It’s been a long time since we’ve had a proper DOOM game grace our presence, a very long time. The whole franchise is one of those series of games that’s been a part of nearly every generation, and the core experienced has remained mostly the same. And that’s precisely what keeps drawing people back to the older games to this day. And it’s back, with a vengeance, and even tries for a better grasp on all the things that have made the original such a classic. But does it succeed?



This isn’t your fathers DOOM, but it might just be a whole lot better

DOOM opens just as bloody and horrid as you’d expect. You’re immediately thrust into the action, escaping from an entombed state with an opportunity to fight your way out of a very bad situation. The demons that spawn next to you just don’t even have a chance. The intro is a sign of what to expect; gore, metal music and a lot of death. It’s bloody and very violent. Doom 3 tried to subtly go in a different direction, taking a more horror-filled approach replete with jump-scares and very dark corners. This is a homage to the past, and even has plenty of secret areas that let you explore the originals, too.

The action and puzzles are at the forefront, just as one would expect. All the familiar weapons also make an appearance, including the ubiquitous BFG 9000. This time, however, it’s far more than a middling plasma-based weapon it was in Doom 3. The pistol is underpowered and becomes slightly cumbersome to actually kill anyone with over time, the shotgun is a useful even later in the game due to the upgrade system and nearly all the rest of the weapons have their uses, if used on the right enemies.


The upgrade system lets you add-on different abilities, things you can buy if you reach certain floating robots, though each robot only allows one purchase. Those power-ups become quite useful and they themselves can be upgraded with weapons customization points. The most advanced of such upgrades can only be obtained by completing a challenge, in typical DOOM style. One such is getting 50 headshots with the scope-equipped heavy machine gun. That’s not easy considering headshot don’t exactly kill every hellish beast with just one. And they’re trying frantically to kill you. Another has you trying to blow up four separate enemies in five seconds with the mini-rocket launcher attached to the same weapon. Now that was a fun one, complete with 360-degree spins and lots of jumping. Wouldn’t have it any other way.

Beyond the weapons and the gore and behind the very pretty exterior, which runs magnificent on nearly anything, is a very sophisticated story that belies the namesake series. They weave a very compelling story about how the UAC wants to utilize the hellish energies that were found on Mars, and of course the corporation went a bit too far to do so, unleashing hell on Mars. You’re a very important part of a plan to stop the portal to hell from remaining permanent, and they count on you to get things done. Violently. The story is all very impressive, and the entire backstory is well written and a joy to explore.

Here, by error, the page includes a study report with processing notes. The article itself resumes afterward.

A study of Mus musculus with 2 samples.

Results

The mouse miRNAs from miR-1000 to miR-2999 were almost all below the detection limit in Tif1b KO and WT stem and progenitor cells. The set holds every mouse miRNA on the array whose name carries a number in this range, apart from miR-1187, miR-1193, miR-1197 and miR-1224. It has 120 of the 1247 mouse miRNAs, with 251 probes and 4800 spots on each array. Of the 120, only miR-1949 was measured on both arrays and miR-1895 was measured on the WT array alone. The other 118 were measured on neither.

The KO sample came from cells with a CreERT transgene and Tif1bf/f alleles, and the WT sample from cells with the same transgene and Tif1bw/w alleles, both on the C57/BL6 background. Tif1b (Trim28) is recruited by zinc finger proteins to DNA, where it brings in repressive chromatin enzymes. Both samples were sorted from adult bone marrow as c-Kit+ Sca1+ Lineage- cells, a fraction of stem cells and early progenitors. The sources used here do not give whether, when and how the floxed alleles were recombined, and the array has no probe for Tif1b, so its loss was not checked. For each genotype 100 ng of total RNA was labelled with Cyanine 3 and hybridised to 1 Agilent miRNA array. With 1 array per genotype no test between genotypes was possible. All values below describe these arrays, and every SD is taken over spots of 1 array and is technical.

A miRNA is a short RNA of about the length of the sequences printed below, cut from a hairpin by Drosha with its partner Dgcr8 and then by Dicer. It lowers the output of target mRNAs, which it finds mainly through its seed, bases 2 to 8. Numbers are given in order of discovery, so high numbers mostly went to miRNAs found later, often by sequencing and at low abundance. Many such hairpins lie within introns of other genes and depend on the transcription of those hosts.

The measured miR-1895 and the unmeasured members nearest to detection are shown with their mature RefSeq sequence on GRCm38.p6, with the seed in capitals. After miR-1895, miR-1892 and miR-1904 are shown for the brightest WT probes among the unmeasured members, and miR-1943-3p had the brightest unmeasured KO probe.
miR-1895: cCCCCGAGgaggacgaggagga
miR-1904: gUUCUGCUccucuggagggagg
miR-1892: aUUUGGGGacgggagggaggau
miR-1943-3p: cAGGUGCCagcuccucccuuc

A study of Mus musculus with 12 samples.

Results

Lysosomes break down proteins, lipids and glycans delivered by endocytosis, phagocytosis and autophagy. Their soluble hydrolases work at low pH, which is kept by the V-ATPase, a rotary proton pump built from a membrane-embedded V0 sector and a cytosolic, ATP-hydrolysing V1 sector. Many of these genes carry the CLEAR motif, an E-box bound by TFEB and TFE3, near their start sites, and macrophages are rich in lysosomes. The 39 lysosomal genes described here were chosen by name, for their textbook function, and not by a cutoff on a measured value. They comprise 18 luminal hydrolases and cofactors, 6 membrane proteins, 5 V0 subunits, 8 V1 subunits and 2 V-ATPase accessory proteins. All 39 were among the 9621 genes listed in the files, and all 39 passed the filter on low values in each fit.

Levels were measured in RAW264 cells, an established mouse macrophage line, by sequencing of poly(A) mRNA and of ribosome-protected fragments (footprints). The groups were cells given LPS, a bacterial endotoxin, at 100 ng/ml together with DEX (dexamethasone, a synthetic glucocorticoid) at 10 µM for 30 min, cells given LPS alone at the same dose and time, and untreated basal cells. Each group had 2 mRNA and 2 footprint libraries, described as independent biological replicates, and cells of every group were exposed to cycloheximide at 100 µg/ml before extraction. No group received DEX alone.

The gameplay itself is actually quite nice, too, despite being slightly predictable. Each time the music changes to something more action-oriented, metal music provided by the talented Mick Gordon, that’s your cue to start preparing to jump around and frantically try to place each shot between the eyes of your enemies. Which is easily possible with a good mouse and proper practice. But it can get crazy, with enemies running around of all types, and it’s not easy to kill them either. Not that they’re much of a danger per-se, but that they have so many hit points that it becomes an exercise in patience to kill them. They’re also a tad predictable sometimes too. Certain beasts have patterns that, once recognized make them almost boring. The glory kills just about make up for that, though, as you go around bringing their hit points down enough so they glow orange to land that violent close-in and hands-on bloody kill. It’s fascinatingly fun.

Speaking of the music, the soundtrack is just what any Doom fan might be looking for. It’s very metal and very good. It fits in just perfectly to the setting with fast-paced rifts and adrenaline-pumping themes just when you need them. Even if it does signify a certain change in pace, which isn’t a terrible mechanic anyway. The game is all about blowing down demons anyway.

DOOM Glory Kill

Conclusion and Final Thoughts

So what’s the verdict, then? It’s a fun game with a lot going for it. The single-player campaign alone is worth the price of admission and can provide hours of entertainment. What’s more is that the music, sound effects and graphics help to add to the overall feel of what classic Doom is without actually being the same game. This is different than the originals yet still very much fun and it’s own. As a modern interpretation of a classic, it’s near perfect, if it weren’t for the somewhat unimaginative AI. Everything comes together in near perfect harmony. It’s a game that’s very recommended for all FPS fans. Just don’t expect the multiplayer to be as amazing a the single-player. It’s lacking something, players for one, and there’s something that seems as if it’s grasping too much at the past without innovating or breaking away into it’s own thing. It’s weird. It might grow on us in time, but for now it’s just not quite what was expected.

If you’re looking for a bloody time, this is it. It’s good, really good.